Karen Telleen-Lawton: A ‘Gigantor’ of Blues

Try these collective names for whales on for size

For a half-mile in any direction they arc toward the boat — dolphins’ sleek bodies leaping rhythmically through their breathe-swim cycle. Encountering hundreds or thousands of dolphins is like watching Olympic-level synchronized swimming. A large group is called a megapod of dolphins, but it could just as well be called a dance of dolphins.

Karen Telleen-Lawton
Karen Telleen-Lawton

Animals’ official collective names are very curious. I sometimes wonder how the appellations came to be.

A congregation of plovers seems a bit odd. Its intent perhaps is to evoke that shoreline bird’s classy but not flashy markings. A smack of jellyfish reminds me of that moment when an approaching wave brought a floating jellyfish squarely into my bare belly. I hate to think of being smacked by a whole smack of them. A turmoil of porpoises, a siege of herons? The namer of collective names must have had some mighty strange marine encounters for those names to be appropriate.

Whales are a whole other category. Since Santa Barbara has a reputation for nurturing the largest diversity of marine mammals in the world, I believe we have the right or maybe even the duty to search for more descriptive collective whale names. Roget’s suggestions — gam, mob, pod, run and school — just don’t do it for me. Here are a few of my choices.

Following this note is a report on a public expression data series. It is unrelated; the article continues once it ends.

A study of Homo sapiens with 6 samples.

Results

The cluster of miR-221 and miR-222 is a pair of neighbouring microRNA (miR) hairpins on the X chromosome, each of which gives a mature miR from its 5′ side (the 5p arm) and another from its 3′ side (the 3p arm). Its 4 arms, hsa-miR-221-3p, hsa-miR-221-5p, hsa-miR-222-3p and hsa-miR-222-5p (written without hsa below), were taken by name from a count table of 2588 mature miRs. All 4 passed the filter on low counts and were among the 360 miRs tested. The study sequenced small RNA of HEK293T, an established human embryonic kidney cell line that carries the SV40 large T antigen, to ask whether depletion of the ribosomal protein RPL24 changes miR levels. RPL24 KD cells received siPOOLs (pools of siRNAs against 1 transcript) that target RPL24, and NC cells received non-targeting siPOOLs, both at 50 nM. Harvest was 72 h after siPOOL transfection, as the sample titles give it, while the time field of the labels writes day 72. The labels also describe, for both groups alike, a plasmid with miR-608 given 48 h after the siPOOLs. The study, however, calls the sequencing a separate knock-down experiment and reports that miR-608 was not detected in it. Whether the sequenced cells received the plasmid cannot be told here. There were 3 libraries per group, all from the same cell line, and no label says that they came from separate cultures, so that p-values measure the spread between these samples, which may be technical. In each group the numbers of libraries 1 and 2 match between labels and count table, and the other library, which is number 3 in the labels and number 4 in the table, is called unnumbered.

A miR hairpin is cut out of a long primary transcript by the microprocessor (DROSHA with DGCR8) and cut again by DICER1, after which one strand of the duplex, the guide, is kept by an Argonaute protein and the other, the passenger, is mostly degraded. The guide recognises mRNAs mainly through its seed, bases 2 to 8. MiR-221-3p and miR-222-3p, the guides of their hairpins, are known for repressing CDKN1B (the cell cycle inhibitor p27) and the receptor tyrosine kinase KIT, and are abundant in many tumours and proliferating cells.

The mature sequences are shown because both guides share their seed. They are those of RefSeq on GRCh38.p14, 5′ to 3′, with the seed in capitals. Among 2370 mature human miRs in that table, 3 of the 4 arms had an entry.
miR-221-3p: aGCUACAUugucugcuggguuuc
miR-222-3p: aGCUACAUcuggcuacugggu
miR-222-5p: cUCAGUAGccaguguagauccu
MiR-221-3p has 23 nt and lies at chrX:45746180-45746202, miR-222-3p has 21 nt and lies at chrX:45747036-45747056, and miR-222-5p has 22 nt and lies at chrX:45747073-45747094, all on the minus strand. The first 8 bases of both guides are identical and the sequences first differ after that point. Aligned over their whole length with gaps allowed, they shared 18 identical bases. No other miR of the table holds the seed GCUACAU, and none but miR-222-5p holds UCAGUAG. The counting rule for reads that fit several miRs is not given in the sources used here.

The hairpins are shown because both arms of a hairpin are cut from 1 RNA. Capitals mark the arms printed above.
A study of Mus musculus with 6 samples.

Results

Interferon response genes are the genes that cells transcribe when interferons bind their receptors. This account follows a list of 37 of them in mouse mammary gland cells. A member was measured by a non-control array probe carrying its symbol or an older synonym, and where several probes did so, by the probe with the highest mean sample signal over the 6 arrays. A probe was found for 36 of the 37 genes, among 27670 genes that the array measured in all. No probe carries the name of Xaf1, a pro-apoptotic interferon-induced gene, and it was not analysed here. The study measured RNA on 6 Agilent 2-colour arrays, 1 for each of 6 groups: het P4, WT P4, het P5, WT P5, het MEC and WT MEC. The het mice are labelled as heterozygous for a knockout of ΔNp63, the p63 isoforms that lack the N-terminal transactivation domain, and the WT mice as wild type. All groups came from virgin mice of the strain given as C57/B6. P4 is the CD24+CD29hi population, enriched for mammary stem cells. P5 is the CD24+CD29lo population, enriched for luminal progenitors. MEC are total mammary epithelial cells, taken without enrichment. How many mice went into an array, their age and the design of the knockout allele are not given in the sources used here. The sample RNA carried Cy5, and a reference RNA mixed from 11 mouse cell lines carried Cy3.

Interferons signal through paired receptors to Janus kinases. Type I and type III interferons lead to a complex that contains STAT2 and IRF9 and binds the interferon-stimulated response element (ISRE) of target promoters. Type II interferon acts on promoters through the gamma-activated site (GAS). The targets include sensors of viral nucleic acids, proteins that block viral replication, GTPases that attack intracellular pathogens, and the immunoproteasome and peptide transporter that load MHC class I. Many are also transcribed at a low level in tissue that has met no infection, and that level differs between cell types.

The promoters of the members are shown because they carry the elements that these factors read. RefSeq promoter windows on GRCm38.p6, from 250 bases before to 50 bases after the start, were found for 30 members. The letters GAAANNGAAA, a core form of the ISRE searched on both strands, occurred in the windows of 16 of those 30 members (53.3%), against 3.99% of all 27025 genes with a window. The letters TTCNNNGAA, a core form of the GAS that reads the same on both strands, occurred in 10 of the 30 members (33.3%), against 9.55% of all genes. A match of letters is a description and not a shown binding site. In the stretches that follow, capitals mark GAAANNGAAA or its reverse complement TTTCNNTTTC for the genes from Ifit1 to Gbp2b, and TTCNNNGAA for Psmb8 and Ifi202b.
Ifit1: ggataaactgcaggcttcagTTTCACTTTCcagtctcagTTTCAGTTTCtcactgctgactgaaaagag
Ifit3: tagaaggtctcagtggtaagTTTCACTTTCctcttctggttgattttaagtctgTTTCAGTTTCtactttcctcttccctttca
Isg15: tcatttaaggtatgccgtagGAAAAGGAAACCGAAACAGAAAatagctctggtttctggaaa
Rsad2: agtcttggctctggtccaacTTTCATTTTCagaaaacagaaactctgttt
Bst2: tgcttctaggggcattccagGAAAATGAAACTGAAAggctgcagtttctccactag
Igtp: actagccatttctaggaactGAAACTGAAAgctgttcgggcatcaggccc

Notwithstanding their common name of “killer whale,” a group of orcas is a beautiful sight: graceful black-and-white shading and a powerful presence. They seem almost royal to me, so I’d call them a court of orcas.

Gray whales are passers-through, whose mission, besides avoiding orcas, is high-tailing it to their Baja birthing grounds and then back to their Arctic feeding grounds. Their predictable pathway, scheduled for Santa Barbara beginning in December, leads me to call them a lane of grays.

Humpbacks treat our Channel like an almost year-round picnic. They’re here for the food, but they enjoy themselves as well: breaching, tail-slapping, spy-hopping, and generally entertaining themselves and their enthralled whale-watchers. A group of humpbacks could logically be called a playgroup.

The first time I spied a blue whale, the largest animal ever to have lived on Earth, I was on the Condor Express in the middle of the Channel. That day we saw five blue whales, one of whom approached the boat so closely we could see his entire glistening turquoise-blue body beneath the surface. He sank under the boat and then emerged in front of it, nostrils flaring on the top of his head like huge tubas. As his whole size became visible, a word from my distant past surfaced in my mind.

As a child swimming in the surf with friends, we’d occasionally freeze at the approach of a huge wave. This kind of wave was so enormous to our pint-sized bodies that it simply couldn’t be ridden. Our only avenue of escape was to “duck and cover” until it washed over us or we were tumbled into the wet sand.

In these instances, we’d look at each other in mock terror and yell, “Gigantor!” This is what I propose for a group of these immense creatures: a gigantor of blues.

— Karen Telleen-Lawton’s column is a mélange of observations supporting sustainability. Graze her writing and excerpts from Canyon Voices: The Nature of Rattlesnake Canyon at www.CanyonVoices.com.